JACOB WHEELER: Clarks Hill Lake was a great tuneup for REDCREST on Lake Norman - Major League Fishing

JACOB WHEELER: Clarks Hill Lake was a great tuneup for REDCREST on Lake Norman

Team Mercury Pro got in some crucial pre-REDCREST work in Georgia
Image for JACOB WHEELER: Clarks Hill Lake was a great tuneup for REDCREST on Lake Norman
Connecting with a bunch of Clarks Hill bass helped me prepare for REDCREST on Lake Norman. Photo by Charles Waldorf. Angler: Jacob Wheeler.
March 5, 2023 • Jacob Wheeler • Bass Pro Tour

I just finished up fishing the Invitational on Clarks Hill Lake in Georgia last week. Obviously, I want to win every tournament I enter, but I fished that one mostly as a warmup for REDCREST at Lake Norman this week.

Norman is only a couple hundred miles northeast of Clarks Hill. Both are Carolina-style lakes in the same region of the country and have a mix of spotted bass and largemouth. Many times, what’s happening at one lake this week will be happening on another lake to the north the next week, as winter turns to spring going up the East Coast.

Certainly, Clarks Hill and Norman are two different lakes, but there are enough similarities to me that fishing Clarks Hill last week was a great dry run for Norman and a shot at REDCREST.

Electronics dialed in

I spent some quality time at Clarks Hill dialing in a few things on forward-facing sonar.

Last week at Clarks Hill, I was able to really dial in my electronics for REDCREST. I’ve always said that highland impoundments with deep water and mixed species are excellent training grounds for forward-facing sonar. They’re great places to really tune your sonar gear up to get it “seeing” the best it can. My first couple of tournaments this year were in Florida and though my ActiveTarget works great in Florida, Florida is nothing like a deep impoundment with timber, brushpiles, rocks, docks and spotted bass to really get things tightened up.

Dealing with springtime pollen was also a huge learning experience for me at Clarks Hill. Pollen that sinks below the surface and then sort of suspends in the water column can make sonar signals get a little weird. I found a few hacks for dealing with this if the pollen happens to be bad at Norman too.

I spent a lot of time during the Clarks Hill tournament tinkering with new presentations in combination with ActiveTarget in terms of getting fish to react. That helped me add another option or two to my forward-facing lure arsenal.

Finally, there’s no substitute for spending time fishing with forward-facing sonar in order to become more accurate at hitting targets and strike zones precisely. It’s sort of like free throws in basketball: if you want to get better at it, stand at the foul line shooting for hours and hours until you can drain them.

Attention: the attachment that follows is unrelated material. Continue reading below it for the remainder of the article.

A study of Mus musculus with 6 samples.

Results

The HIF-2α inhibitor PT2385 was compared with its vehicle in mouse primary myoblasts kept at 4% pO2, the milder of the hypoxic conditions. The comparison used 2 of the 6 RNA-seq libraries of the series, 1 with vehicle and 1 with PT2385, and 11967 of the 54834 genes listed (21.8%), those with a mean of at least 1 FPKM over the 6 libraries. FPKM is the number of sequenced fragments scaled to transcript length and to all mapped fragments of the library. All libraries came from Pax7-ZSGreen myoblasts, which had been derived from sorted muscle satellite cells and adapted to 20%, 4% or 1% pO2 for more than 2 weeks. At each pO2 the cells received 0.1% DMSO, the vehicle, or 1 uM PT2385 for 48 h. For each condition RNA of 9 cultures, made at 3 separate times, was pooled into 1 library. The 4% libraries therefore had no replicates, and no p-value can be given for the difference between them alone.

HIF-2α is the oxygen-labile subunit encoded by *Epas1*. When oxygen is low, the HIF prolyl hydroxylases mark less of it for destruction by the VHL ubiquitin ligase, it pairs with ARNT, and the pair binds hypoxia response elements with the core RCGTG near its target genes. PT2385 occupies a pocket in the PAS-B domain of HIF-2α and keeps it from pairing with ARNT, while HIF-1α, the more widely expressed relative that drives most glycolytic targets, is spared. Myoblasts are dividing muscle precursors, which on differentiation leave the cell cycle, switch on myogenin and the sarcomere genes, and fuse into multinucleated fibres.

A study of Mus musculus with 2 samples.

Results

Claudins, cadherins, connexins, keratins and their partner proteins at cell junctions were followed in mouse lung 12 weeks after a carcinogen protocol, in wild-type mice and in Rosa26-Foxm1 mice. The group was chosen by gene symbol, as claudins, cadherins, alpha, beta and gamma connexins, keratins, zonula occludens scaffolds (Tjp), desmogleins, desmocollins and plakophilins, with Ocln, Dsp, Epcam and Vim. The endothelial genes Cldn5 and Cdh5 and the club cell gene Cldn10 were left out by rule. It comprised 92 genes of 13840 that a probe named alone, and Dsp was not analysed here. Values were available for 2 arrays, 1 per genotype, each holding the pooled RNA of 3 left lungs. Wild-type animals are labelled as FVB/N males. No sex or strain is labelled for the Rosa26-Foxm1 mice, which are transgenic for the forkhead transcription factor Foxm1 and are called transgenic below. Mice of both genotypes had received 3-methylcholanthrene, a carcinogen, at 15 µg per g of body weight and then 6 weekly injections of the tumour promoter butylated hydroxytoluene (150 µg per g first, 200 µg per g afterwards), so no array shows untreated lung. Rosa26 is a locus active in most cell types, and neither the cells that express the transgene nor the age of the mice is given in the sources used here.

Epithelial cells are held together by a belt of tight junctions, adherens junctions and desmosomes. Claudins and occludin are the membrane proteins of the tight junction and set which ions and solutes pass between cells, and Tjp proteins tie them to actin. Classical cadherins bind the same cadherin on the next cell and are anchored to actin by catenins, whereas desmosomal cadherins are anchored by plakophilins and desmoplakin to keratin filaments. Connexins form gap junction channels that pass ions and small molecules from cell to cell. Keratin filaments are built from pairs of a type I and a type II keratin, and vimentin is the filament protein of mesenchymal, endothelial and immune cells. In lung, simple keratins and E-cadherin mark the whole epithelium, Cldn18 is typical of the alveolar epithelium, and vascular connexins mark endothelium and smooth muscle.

Skipping school

While at Clarks Hill, I also spent a lot of time sharpening up my dock-skipping game with different lures that are notoriously hard to skip. It’s no secret: Norman is absolutely loaded with docks of all kinds, and they’re going to play a part in some fashion at REDCREST. Skipping docks is a dicey game of quietly feathering a bait to the fish without them ever knowing it’s coming. Faceplanting a lure into the water, banging the lure into pilings or crossbeams, or picking out backlashes while the bait needs to be in motion are complete wastes of presentations.

With just two days of practice at Norman on Sunday and Monday, I want to be able to sample docks as smoothly and as efficiently as possible. I might just sample a few key docks each day and I won’t have the time to get my skipping tuned up to test the dock bite. After skipping docks a couple hours each day at Clarks Hill, I think I’m ready to float some lures into tiny spaces.

Tuning, timing and rhythm

Tuning up tackle, baits boat and Mercury motor was a priority during the six days I fished Clarks Hill.

At Clarks Hill, I also spent more time during competition than I normally would tuning up lures and experimenting with different lure profiles. Bite windows in Carolina lakes are pretty fickle. They open and close quickly with rapidly changing conditions. Being able to have an extra lure that extends the size of the window in terms of time or area will be crucial in getting a couple of extra bonus bites when things are right.

I don’t believe the winner of REDCREST is going to be fishing a single technique in a single area all five days. If we were still in an every-fish-counts format, maybe that would be the case. But given the five-fish format, I think there’s going to be a lot of mixing and matching of techniques and areas. I’m not going call it straight junk-fishing because it’ll be more structured, again mostly dictated by conditions. There will be more of a rhythm to it.

I can totally see starting the event fishing one way in one area to make the cut, but after that, sort of surfing different bite windows in different zones to put it all together for the win. One thing I definitely learned from Clarks Hill is not to get too married to an area or technique. My goal will be to fish more freely at this REDCREST than in any other championship event I’ve ever fished.

Given the weather forecast and so many other variables, REDCREST at Lake Norman will be a very fluid situation. Staying on the fly and finding a rhythm to that fluidity is going to be the key to winning.

Needless to say, I feel like fishing at Clarks Hill six days has certainly put me in the right frame of mind for REDCREST.